WASHINGTON, DC (October 10, 2007) -- By a vote of 4-4, the Supreme Court today upheld the Second Circuit Court decision in the case of Board of Education of City of New York v. Tom F., 06-637, thereby affirming parents' statutory right to challenge a school district's Individualized Education Plan (IEP) without first “trying out” the school district's proposed placement. The New York City Department of Education had argued that even if the child's IEP is demonstrably inappropriate, a parent should not have standing to challenge their child's IEP unless the parent has first “tried out” the school district's IEP.
"Today the court affirmed the danger of making students try out an inappropriate school district program. Students who need early intervention do not have time to waste," said Gary Mayerson, an Autism Speaks board member and founder of law firm Mayerson & Associates. “School districts need to fulfill their statutory responsibility to create an appropriate IEP for every child with a disability or to pay for that student to attend an appropriate private school.”
Autism Speaks filed an amicus brief in the case, focusing on the critical nature of early intervention for children with autism. The brief explained why parents of children with autism should not be forced to “try out” demonstrably inappropriate and ineffective IEP programs during what may well be a relatively narrow window of opportunity. Justice Ruth Bader Ginsburg quoted from the brief during oral argument. The brief was prepared as part of The Autism Speaks Federal Legal Appeals Project (FLAP), a national pro bono initiative assembled and directed by Mayerson for Autism Speaks. To date, approximately ten national profile law firms, including Akin Gump Strauss Hauer & Feld, have joined the FLAP committee with commitments to provide significant pro bono legal services at the federal level. Akin Gump attorneys Robert H. Pees, Michael D. Lockard, Amanda R. Johnson, Sunish Gulati and Evandro C. Gigante prepared the amicus brief in the Tom F. case.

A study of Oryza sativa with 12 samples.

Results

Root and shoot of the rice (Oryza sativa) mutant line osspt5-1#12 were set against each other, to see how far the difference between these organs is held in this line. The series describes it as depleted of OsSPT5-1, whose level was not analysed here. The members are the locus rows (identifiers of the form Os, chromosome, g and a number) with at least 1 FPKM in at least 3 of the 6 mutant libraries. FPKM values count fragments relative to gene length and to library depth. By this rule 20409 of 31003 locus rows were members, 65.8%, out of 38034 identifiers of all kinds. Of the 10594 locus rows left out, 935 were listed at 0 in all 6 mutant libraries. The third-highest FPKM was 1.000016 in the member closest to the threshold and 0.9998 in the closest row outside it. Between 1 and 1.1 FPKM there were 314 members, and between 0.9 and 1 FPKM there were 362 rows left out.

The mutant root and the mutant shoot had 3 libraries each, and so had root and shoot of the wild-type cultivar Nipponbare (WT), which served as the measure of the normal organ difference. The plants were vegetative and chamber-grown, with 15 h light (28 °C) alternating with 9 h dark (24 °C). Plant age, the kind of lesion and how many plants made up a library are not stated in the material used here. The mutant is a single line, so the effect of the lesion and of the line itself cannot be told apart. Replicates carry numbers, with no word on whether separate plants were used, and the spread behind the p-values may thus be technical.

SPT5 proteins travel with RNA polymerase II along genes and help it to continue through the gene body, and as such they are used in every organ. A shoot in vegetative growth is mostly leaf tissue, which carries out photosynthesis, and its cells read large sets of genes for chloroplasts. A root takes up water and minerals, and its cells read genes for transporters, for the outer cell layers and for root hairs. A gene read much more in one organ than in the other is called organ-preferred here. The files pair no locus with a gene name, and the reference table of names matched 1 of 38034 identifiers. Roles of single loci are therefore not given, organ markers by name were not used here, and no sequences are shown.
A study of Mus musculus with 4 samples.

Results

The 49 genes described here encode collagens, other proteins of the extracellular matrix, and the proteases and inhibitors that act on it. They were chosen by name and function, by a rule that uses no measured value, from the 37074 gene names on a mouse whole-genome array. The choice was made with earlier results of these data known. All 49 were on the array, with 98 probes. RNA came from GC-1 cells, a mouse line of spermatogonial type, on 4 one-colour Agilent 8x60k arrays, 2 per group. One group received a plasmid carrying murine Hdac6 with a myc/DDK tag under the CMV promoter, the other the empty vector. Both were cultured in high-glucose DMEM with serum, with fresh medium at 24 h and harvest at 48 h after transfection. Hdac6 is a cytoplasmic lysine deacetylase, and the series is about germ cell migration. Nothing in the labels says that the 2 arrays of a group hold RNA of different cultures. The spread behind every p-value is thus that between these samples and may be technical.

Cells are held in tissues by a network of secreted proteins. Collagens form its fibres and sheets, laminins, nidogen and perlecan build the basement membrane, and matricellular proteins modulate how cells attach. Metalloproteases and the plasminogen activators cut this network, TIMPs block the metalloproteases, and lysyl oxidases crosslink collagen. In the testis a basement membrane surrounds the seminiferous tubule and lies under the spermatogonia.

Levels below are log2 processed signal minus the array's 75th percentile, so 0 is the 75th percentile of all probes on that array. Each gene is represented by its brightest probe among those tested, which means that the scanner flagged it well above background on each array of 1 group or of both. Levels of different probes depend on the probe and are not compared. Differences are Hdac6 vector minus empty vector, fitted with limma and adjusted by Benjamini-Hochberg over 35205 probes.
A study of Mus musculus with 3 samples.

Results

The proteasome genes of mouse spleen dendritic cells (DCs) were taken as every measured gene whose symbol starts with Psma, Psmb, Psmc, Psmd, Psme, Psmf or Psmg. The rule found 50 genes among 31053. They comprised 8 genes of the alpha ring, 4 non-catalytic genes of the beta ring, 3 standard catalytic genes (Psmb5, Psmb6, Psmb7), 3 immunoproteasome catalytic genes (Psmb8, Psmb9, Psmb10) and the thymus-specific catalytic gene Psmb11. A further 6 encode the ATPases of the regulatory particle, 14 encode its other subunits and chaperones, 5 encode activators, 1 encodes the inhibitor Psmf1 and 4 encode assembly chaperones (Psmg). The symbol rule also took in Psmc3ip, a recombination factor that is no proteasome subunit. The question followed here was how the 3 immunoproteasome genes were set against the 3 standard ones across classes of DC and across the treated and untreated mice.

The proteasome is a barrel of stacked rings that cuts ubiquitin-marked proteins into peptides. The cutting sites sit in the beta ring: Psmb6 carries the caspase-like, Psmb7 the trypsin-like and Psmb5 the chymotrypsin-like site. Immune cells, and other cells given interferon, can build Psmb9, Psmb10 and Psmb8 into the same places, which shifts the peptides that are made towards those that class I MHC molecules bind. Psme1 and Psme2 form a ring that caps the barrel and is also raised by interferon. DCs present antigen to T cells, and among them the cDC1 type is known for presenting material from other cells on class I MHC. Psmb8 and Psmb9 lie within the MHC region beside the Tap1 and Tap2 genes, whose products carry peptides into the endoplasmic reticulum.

“We are relieved that the court's judgment was not clouded by the fact that Tom F. himself was a parent with significant financial means who easily could afford to pay for private school. This ruling has potential to affect all families in the nation. Unfortunately school districts do not always act in good faith when designing a child's IEP. Today they have been told that they must,” added Mayerson.
In the case of a tie, the ruling under consideration is affirmed, although it does not set national precedent. In this case, the New York City Board of Education was appealing a ruling by the Second Circuit, which had ruled in favor of Tom F. During oral arguments on October 1, Leonard Koerner, chief appeals lawyer for New York City, said parents should be required to give the public system a shot, even if only a brief one, before they can appeal for an outside placement.
See coverage of the decision from WABC New York.
Autism is a complex brain disorder that inhibits a person's ability to communicate and develop social relationships, and is often accompanied by extreme behavioral challenges. Autism spectrum disorders are diagnosed in one in 150 children in the United States, affecting four times as many boys as girls. The diagnosis of autism has increased tenfold in the last decade. The Centers for Disease Control and Prevention have called autism a national public health crisis whose cause and cure remain unknown.
ABOUT AUTISM SPEAKS
Autism Speaks is dedicated to increasing awareness of autism spectrum disorders, to funding research into the causes, prevention, treatments and cure for autism, and to advocating for the needs of affected families. It was founded in February 2005 by Suzanne and Bob Wright, the grandparents of a child with autism. Bob Wright is Vice Chairman, General Electric, and served as chief executive officer of NBC for more than twenty years. Autism Speaks has merged with both the National Alliance for Autism Research (NAAR) and Cure Autism Now (CAN), bringing together the nation's three leading autism advocacy organizations. To learn more about Autism Speaks, please visit www.autismspeaks.org.